On Tuesday 21 April Google rolled out massive changes to its closely guarded search algorithm in a 'mobile friendly update'.
The update means that websites will be ranked higher if they are fully optimised for mobile, and, consequently, ranked lower if they aren't.
In order to be mobile friendly, a website should have text that is easily readable without tapping or zooming, with appropriately spaced tap targets, and should not have unplayable content or horizontal scrolling.
Google has provided a handy tool to test how mobile friendly your website is. If your website is lacking, there are a few approaches to making your website more mobile - and Google - friendly, including:
- Responsive design
A responsive website adjusts its width and height to every screen, as well as its menu, sidebar and images. While the cost of developing a responsive website is higher than adding a mobile version, it is a better experience for users and likely cheaper to maintain over the long term.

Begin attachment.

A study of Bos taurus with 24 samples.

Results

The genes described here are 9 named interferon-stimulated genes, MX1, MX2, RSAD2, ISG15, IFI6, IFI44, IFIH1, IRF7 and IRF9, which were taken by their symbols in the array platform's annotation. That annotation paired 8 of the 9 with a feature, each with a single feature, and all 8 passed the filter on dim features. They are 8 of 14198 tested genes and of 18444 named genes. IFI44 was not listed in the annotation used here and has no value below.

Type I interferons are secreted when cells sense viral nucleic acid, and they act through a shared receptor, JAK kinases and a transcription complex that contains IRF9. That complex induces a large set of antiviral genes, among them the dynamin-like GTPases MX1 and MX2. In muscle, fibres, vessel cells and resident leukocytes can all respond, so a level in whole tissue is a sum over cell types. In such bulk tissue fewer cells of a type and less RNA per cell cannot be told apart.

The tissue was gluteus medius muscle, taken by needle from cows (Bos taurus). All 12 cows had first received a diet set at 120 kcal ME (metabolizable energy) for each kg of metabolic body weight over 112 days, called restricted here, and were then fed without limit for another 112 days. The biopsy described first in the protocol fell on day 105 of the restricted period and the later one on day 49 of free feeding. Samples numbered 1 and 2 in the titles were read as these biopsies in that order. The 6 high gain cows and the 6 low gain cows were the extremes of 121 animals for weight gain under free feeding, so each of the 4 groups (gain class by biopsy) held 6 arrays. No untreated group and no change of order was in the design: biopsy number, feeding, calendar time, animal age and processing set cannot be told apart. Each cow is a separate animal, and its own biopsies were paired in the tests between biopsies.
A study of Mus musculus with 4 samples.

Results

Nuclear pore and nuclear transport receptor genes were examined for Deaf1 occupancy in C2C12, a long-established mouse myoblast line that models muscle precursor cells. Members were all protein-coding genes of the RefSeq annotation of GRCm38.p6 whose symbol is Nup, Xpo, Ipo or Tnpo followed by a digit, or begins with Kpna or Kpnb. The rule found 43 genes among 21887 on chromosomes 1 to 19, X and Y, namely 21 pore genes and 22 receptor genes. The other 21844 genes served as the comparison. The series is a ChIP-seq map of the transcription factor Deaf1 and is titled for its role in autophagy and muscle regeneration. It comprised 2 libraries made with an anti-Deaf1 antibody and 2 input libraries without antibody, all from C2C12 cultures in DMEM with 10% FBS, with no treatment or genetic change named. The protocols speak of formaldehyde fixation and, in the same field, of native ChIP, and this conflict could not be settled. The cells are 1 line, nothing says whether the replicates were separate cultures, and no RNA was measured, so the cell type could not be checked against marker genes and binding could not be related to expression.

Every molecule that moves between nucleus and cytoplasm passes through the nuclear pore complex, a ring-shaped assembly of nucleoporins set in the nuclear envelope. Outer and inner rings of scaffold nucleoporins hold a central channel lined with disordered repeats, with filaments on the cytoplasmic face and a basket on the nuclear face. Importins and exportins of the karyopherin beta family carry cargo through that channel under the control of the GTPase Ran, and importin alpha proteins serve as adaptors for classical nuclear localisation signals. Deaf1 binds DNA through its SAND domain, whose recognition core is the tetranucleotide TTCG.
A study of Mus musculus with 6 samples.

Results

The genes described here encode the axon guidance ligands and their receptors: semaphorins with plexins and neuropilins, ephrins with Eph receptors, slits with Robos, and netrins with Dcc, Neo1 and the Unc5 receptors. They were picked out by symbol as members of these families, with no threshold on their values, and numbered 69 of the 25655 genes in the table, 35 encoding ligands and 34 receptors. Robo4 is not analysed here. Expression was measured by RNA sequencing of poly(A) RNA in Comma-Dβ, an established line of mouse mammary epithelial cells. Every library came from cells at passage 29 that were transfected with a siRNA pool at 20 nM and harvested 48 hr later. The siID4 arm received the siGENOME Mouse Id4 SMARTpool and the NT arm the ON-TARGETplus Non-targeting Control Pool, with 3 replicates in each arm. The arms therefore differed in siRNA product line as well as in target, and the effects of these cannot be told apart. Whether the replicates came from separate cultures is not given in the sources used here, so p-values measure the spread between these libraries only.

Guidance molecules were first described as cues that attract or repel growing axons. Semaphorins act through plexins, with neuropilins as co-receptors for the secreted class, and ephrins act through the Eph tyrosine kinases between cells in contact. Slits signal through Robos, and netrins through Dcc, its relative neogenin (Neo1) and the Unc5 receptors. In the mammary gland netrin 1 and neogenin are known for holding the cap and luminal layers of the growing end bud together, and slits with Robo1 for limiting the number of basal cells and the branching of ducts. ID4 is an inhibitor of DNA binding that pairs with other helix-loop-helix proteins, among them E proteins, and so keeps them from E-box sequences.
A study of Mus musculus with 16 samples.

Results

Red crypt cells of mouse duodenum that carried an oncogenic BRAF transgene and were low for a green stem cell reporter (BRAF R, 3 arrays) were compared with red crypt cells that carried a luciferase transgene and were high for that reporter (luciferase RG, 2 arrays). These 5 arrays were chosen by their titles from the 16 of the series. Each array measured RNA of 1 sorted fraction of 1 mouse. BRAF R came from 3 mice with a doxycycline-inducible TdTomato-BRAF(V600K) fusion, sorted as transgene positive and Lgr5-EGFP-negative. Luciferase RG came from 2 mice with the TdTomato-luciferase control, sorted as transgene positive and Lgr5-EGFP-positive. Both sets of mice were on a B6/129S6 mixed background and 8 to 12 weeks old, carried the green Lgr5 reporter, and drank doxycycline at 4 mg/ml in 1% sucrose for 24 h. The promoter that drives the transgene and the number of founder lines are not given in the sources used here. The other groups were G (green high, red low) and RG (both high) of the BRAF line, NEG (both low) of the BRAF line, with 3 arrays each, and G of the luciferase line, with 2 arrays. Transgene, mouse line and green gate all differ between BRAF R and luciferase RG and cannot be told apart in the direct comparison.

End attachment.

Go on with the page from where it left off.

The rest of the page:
- Separate mobile site
The alternative choice is to develop a second version of your classic website for use on mobile devices. While the initial cost of this is lower, the second website has to be maintained separately to the classic website, possibly incurring greater costs over time. It can also be a disruptive experience if users click on a separate mobile site (for example, through a social media link) on their desktop.
Whether through responsive design or a separate mobile site, Google’s announcement means that the time has definitely come to embrace the world of mobile friendly website design.